Herd immunity study currently underway at Franciscan University

STUDY WORK — Biology major Michael Rohall and Kyle McKenna, a biology professor at the Franciscan University of Steubenville, prepare to analyze blood samples for coronavirus specific antibodies. -- Contributed

STEUBENVILLE — A research study under way in Franciscan University of Steubenville’s School of Natural and Applied Sciences aims to help the medical and scientific community better understand SARS-COV-2 coronavirus exposure.

The study, spearheaded by biology professor Kyle McKenna, seeks to know the extent to which herd immunity has been achieved on the Franciscan University campus.

The goal is to evaluate more than 500 individuals, primarily students, but also faculty and staff, by the end of the month, said McKenna. So far, more than 200 individuals have had blood drawn by senior nursing majors, which is then evaluated for coronavirus specific antibodies by biology students performing mentored-research in McKenna’s lab for course credit.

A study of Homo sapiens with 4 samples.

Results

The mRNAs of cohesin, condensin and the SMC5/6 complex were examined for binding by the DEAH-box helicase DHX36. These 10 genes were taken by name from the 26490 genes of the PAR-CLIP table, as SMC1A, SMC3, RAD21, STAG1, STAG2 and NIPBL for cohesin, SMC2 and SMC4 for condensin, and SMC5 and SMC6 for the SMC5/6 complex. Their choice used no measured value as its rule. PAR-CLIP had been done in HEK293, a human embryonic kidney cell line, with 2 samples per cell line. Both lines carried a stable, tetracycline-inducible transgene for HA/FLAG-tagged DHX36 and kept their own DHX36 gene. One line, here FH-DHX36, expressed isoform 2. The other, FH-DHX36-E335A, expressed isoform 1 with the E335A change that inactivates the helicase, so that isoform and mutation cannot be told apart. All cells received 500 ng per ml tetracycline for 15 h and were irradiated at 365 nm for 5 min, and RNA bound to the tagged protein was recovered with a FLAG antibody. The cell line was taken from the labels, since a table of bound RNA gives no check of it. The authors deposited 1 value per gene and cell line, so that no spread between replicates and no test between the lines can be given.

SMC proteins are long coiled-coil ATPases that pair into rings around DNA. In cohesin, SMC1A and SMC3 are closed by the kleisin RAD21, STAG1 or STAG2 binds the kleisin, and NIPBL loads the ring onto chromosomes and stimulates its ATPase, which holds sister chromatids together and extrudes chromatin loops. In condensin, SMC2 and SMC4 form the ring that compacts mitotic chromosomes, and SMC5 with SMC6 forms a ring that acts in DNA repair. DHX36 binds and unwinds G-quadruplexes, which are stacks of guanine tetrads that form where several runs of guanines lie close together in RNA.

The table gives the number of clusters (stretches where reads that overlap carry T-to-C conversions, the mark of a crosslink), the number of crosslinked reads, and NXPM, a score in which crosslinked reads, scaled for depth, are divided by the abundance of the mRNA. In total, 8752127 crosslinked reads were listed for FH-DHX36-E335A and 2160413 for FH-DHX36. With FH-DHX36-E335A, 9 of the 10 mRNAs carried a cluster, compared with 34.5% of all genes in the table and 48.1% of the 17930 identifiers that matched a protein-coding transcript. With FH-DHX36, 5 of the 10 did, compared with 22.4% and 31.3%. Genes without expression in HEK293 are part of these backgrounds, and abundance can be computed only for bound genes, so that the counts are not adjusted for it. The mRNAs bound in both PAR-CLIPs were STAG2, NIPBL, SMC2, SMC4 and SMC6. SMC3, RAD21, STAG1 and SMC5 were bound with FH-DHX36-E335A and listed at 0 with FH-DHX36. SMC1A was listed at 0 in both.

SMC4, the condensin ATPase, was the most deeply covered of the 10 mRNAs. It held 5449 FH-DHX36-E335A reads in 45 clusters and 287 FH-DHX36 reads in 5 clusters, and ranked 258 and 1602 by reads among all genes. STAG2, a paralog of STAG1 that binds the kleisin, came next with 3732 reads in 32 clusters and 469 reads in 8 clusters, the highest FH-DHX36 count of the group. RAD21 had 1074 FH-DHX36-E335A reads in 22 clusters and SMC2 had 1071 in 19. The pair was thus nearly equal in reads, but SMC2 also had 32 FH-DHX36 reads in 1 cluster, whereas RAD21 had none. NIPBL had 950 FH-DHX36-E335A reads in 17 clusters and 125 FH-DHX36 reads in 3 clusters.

“We want to know what percentage of people on campus demonstrate an immune response to SARS-CoV-2 virus,” said McKenna. “To achieve herd immunity which limits transmission of the virus, you need at least 60 to 70 percent of a given population to be resistant to infection, either through exposure to the virus or vaccination.”

McKenna added the study has a pro-life component, as care was taken to select and modify a commercially available antibody test so that no cell lines that were derived from aborted fetal tissue were used to produce reagents for the test. Eventually, McKenna says the goal is to develop an in-house test that is free from the use of cell lines derived from aborted fetal tissue.

Initial costs for the research were covered by the biology department and the Franciscan Institute of Science and Health. More recently, the study received funding from a grant McKenna received from the American Life League.